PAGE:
Since buying my airbrush, it probably has not been used as much as it should be. There have been many reasons for this, but since moving house, and investing in some dedicated airbrush paints, I have rediscovered my enthusiasm for this tool. So with some more experience, I thought I would share some of the things I have learned…
The single biggest pain I have had has been the paints I have shot through my airbrush. GW paints are horrible, Privateer Press P3 paints are better, but Vallejo’s Model Air and Game Air ranges are what you want. These paints largely do not need to be thinned, and do not clog the airbrush as quickly, if at all.
In particular I have been impressed with the newer Game Air range. These paints replicate the colours in Games Workshop’s paint range, but Vallejo paints tend to have finer pigments, and the Game Air paints have much finer pigments.
So far I used these with no problems with both the 0.2mm and 0.4mm nozzles, and they are easier to clean afterwards. Result!
Speaking of cleaning, cleaning your airbrush is the second biggest pain of owning one. The two things at the top of the list here are a dedicated nozzle cleaner, and proper airbrush cleaner (the Vallejo stuff works great). If you are in Sweden Röd Spirit makes an acceptable stand in for airbrush cleaner but isn’t as effective. This said, this stuff is utterly fantastic for striping paint off models.
Anyway in addition to these, cotton ear buds are kind of essential; and cotton cleaning pads (for cleaning needles) and dental brushes (for clean nozzles) are both super useful and very cheap.
Although I am still using my trusty Harder & Steenbeck Evolution I bought three years ago, I have changed two things. Firstly, the Evolution came with a fitting for a quick release coupling which I swiftly removed. Now I actually have a quick release coupling, this is back on and it makes handling the airbrush SOOOO much easier and I can disconnect the thing without depressurising the compressor’s air tank, and better still, I can tweak the air flow to the airbrush on the fly. Super sweet.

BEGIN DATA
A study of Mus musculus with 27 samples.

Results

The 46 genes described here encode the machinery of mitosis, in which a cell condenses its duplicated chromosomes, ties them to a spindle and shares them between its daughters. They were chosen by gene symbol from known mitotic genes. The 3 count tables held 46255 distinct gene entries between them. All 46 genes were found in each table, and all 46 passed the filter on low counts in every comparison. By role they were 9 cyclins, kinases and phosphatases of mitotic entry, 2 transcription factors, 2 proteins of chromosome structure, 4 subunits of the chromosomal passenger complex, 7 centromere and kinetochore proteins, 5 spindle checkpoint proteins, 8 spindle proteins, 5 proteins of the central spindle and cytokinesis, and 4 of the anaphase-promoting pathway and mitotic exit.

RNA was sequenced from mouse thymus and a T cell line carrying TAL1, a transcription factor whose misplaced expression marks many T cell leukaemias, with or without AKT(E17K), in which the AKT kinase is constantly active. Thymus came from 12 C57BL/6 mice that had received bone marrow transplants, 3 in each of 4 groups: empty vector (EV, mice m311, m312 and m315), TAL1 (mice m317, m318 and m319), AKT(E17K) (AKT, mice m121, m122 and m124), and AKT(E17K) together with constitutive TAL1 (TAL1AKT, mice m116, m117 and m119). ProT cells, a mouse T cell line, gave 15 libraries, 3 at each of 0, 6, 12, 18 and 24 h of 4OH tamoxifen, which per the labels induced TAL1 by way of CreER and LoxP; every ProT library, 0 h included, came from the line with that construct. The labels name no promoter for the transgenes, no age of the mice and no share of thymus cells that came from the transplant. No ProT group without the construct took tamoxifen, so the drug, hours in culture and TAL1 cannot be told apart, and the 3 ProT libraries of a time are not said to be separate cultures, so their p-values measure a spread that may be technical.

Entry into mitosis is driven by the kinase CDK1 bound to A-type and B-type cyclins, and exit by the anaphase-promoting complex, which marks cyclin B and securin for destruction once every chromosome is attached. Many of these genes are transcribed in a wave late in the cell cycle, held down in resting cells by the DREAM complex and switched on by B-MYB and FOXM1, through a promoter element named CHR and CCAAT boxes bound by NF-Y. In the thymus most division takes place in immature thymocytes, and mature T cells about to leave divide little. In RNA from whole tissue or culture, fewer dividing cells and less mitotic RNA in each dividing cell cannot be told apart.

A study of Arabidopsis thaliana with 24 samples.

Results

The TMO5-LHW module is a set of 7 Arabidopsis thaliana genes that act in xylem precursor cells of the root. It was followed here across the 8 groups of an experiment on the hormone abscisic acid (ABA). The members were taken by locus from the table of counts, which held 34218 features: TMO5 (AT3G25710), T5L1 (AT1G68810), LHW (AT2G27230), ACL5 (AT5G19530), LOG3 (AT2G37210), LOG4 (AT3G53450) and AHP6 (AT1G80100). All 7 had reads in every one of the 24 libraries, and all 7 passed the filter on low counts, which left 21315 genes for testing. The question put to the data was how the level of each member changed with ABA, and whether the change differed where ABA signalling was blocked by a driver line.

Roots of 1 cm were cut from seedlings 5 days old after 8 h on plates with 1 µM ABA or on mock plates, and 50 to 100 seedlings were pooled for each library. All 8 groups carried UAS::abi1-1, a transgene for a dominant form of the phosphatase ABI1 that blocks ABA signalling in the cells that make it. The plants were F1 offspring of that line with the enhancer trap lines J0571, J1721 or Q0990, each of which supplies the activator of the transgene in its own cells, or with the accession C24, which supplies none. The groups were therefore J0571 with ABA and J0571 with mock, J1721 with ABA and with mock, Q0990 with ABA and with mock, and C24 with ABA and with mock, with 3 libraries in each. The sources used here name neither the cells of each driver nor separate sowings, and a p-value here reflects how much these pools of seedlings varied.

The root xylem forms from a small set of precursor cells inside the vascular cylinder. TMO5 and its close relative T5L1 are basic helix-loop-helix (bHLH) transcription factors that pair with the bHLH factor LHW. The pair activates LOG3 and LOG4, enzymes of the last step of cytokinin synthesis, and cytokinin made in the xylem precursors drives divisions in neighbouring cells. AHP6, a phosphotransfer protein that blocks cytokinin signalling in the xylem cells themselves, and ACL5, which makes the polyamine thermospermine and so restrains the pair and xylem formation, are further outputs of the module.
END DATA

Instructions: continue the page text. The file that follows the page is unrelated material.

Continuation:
The second upgrade I purchased recently is a fineline nozzle cap. While this protects the needle, same as the old nozzle cap, it also makes it very easy to clean the airbrush needle whilst working with it. And because this nozzle cap does not obstruct your view of the needle, it makes fine work much easier.
Previously I only considered the airbrush as a base coat tool or for painting larger vehicles, however it is also surprisingly useful on 28mm scale troopers, and this new nozzle cap is super helpful.
As a tip, if you have an HS airbrush, most of the nozzle kits are interchangeable so if you want to replace one on an Evolution, the complete needle/nozzle/cap kit for the Infinity is probably the most cost effective solution because you end up with a spare needle and nozzle.
Now I’m starting to using the Evolution more, my next big upgrade is likely to be an HS Infinity, because of the resettable tail on it, however for now that will have to wait.
It seems obvious, but of course you can also prime your models with your airbrush, and Vallejo have a range of primers in different colours for exactly this purpose. Compared to using a spray can this is far less messy and makes it easier to completely cover the model.
As with normal spray primers, it is important to use multiple thin coats. Thankfully the Vallejo primers come in much larger pots than their normal paints, and they seem to last longer because the airbrush is much more precise.
And once you and finally finished your model, Vallejo’s matt varnish works brilliantly through the airbrush. Previously this has been my sealant of choice and I have just painted it on, but the airbrush is perfect for this and quicker too.
So there are some of the things I have learned using my airbrush this year. I have also been playing with stencils and masking fluid but those might be topics for another time. Of course there is still a lot to learn but as a tool is has a lot of potential.